Slumberdown group company saved from closure


By Martin Graham

A HORSERIDING equipment firm which was placed into administration as part of the Slumberdown Group closure has been saved after being bought over.

But there is little good news for former Slumberdown employees in Hawick, with administrators Ernst and Young merely saying that they are “still speaking to interested parties” about the possible sale of the Borders plant.

The Slumberdown textiles factory in Hawick closed in early July with the loss of 60 jobs after the firm’s management called in administrators Ernst and Young.

Thomas H Loveday was another company in the group placed into administration at the same time as Slumberdown’s Hawick operation, the other company was Reffond Ltd.

All three companies were registered at the Slumberdown plant in Blyth, Northumberland.

Loveday has now been purchased by Tagg Clothing, which sells equestrian clothing.

Tagg’s parent company TSS&P is based in Derby, where director Bill Eastwood said the deal had been done quickly due to the status of the company.

He said: “Because it was a company we bought out of administration, the process was completed quite quickly, in about a week.

“The main emphasis is getting the business running and getting stock out to customers.”

Seven staff will remain at the company, while two had to be let go.

Mr Eastwood said Slumberdown’s problems had affected Loveday to the point where it couldn’t be funded.

He said: “Slumberdown had been in financial difficulty for some time and hadn’t been able to fund the Loveday business.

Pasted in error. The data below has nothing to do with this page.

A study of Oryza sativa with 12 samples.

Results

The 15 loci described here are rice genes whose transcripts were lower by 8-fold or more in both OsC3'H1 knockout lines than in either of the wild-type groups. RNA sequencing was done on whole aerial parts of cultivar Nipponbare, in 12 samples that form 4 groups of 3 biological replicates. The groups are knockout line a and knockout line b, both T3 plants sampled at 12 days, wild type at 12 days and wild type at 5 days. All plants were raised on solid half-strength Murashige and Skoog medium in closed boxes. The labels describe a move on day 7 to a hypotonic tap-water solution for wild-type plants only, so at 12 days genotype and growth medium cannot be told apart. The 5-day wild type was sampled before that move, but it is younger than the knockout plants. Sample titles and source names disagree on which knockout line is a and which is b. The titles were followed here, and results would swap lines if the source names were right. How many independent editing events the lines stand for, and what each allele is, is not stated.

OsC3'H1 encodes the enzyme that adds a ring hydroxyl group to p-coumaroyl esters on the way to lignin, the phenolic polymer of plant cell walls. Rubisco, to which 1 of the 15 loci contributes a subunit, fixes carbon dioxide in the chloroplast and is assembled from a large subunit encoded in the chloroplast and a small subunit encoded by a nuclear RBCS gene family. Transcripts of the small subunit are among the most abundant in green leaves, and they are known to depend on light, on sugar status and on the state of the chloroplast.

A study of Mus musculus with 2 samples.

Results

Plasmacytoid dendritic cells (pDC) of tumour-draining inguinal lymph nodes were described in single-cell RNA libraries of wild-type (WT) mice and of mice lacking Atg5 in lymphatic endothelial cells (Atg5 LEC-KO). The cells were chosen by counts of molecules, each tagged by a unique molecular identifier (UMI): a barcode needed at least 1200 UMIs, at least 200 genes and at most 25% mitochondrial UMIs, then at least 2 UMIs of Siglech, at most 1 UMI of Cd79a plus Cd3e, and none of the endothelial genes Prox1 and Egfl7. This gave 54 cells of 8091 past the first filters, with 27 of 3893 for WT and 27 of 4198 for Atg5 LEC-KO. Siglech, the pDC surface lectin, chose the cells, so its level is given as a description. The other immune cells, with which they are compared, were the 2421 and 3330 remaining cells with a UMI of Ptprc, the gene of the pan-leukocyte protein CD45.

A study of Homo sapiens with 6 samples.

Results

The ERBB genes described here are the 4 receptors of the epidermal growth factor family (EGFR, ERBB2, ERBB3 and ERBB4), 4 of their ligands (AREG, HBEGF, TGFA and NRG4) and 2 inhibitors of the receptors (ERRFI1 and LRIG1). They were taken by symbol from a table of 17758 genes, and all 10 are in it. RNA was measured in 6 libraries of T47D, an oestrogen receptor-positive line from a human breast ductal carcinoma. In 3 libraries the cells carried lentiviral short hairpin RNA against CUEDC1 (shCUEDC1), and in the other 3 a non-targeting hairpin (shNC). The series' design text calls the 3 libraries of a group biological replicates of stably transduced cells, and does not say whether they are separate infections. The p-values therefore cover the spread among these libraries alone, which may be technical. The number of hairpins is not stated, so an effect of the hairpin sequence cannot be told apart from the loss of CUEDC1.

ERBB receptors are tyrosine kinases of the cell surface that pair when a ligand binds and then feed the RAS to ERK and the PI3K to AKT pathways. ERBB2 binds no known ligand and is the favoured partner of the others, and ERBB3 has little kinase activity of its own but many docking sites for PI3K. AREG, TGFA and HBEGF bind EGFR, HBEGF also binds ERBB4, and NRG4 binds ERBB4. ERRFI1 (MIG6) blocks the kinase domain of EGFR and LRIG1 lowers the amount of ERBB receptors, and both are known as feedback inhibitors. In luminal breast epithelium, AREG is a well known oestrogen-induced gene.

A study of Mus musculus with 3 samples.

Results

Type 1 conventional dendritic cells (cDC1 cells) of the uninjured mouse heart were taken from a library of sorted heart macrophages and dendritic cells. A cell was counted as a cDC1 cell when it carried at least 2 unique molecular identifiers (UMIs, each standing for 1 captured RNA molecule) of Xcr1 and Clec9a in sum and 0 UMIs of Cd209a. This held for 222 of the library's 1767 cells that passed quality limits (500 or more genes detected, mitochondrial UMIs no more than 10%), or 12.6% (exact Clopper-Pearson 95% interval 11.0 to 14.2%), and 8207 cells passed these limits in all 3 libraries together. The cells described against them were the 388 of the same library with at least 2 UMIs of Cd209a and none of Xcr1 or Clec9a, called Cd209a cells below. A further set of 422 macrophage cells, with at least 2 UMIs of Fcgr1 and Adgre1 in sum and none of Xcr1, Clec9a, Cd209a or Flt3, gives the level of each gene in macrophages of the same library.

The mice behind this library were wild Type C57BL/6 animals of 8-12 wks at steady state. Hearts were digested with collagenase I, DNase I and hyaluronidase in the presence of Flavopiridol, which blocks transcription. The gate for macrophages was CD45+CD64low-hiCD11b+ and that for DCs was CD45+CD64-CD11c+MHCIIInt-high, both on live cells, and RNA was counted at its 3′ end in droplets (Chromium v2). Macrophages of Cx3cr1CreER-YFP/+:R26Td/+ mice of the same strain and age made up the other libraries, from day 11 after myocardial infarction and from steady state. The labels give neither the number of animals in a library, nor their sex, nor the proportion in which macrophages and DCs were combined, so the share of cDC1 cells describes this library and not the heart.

“Because there were loans between the parent company and Loveday, that meant that they had to go into administration when Slumberdown did so two weeks ago.”

Ernst and Young came to an agreement with TSS&P two weeks after Colin Dempster and Andy Davison were appointed as joint administrators.

Speaking about the reaction from existing staff, Mr Eastwood said: “We’ve talked to the staff briefly and we got a very positive response.

“People are very happy the business is going forward.

“The administrator had a number of parties interested in the company.

“Some were looking to carry it on and others were looking to buy the stock and close it.

“Loveday is basically a design and distribution business that has manufacturing done overseas, and a lot of the containers have been held up in the docks because of the administration.

“We’re looking to get these to the customers.”

Hawick lies within the constituency of Scottish Secretary Michael Moore.

Reacting to the purchase of Loveday, he said: “It has been very difficult for those employed at Slumberdown, not just in Hawick but across the rest of the UK, and anything that will help the employees has got to be welcomed.

“The administrators are looking hard at all the options and I hope that whether it is with Slumberdown or in some other form all those who have been affected here in Scotland will get new opportunities and I am working very hard with the local agencies to make sure that happens.”